Six people, including three children, were injured today when a car climbed a kerb then ploughed into a crowd of people gathered outside Westgate Sports Centre where an event was taking place to celebrate the end of Ramadan.
This incident, which is the latest in a series of such that has recently been taking place in the UK, left two children in intensive care and one adult seriously injured.
Though most of those present at the scene were Muslims, prompting speculations that it might be a hate crime, Northumbria Police said the incident was not believed to be terrorism-related as the suspect had been celebrating Eid with her family and hundreds of others. The suspect arrested is a 42-year-old woman and she is presently in custody. No one else was sought in relation to the crime.
One eyewitness said: “From what I understand, (a woman who had been at prayer) was about to leave in her car and I believe she lost control. I ran up straight away because everyone was moving in on all the injured, trying to put water in their mouths. The parents of the kids were there. I had to sort of try and calm them down just to tell them the ambulance is there and they will take care of it; they know what they’re doing.”
Emergency services arrived immediately following the accident, including six ambulances, two paramedic rapid response vehicles and the air ambulance. In a statement, the nearby Newcastle Central Mosque prayed for the recovery of those affected.
The statement read: “We pray and hope that all those affected recover soon fully. We thank the emergency medical services, the police and over 100 volunteers from the mosque for their quick response to the incident. We urge everyone to please pray for all those affected.”
Chi Onwurah, Labour MP for Newcastle Central, who is of Nigerian descent, tweeted: “So sad, I was at the prayers earlier & there were so much joy & unity. Thinking of those affected by what I am told was terrible accident.”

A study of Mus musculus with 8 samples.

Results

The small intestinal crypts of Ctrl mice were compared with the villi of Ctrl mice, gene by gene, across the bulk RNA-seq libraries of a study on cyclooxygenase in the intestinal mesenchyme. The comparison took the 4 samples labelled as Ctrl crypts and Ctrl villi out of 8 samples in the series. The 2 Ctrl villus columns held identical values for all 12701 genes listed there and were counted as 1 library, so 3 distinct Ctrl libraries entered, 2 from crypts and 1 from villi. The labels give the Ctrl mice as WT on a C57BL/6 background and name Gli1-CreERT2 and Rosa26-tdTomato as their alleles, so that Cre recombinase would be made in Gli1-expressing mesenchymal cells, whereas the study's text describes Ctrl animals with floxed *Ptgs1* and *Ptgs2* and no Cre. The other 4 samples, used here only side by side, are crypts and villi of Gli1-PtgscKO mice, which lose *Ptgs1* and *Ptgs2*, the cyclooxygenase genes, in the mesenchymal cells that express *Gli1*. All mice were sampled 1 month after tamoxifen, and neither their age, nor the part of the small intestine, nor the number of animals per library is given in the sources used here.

Ahmad Ali, a medical student who was present at the scene, described how the accident unfolded.
He said: “We were here for Eid. Everyone had just finished praying. The imam had finished his speech and everyone was talking to their families and getting some food. Then we heard a commotion and screaming. I ran up to the hill. A man got out of the passenger side. He seemed distraught. Someone was trapped under the car and then everyone just pushed the car so they were free. They were two children there, one of them – he was a boy about eight – was really badly injured. There were about five doctors there so he had a lot of medical attention. We checked to see he had a pulse. Everyone locked arms so there was a ring of locked arms around the injured people so they had space and the ambulances could get to them. Everyone was distraught. I am very grateful it’s not an attack. It’s very shocking to see a child injured like that. We are all hoping that he is fine, I just want to hear that.”
Abdul Mahdoul, who was at the event, told BBC: “We were wishing everyone happy Eid and suddenly we heard a lot of shouting and screaming. We didn’t know what it was. People were panicking. The police did a great job to calm the situation down. It was a very happy atmosphere beforehand, but afterwards just chaos. I just wish for the people to recover very quickly.”
Councillor Dipu Ahad said: “I hope there are no fatalities and my thoughts are with their families and other members who have been affected. We saw people crying and sobbing, it was like what you see in a horror movie, people were crying on the street, in corners. It was a real sad situation to see this and I think people were in confusion about what really happened. I had tears in my own eyes – it was a day of celebration for Muslims and others as well and it’s a very sad situation and I hope this never happens again.”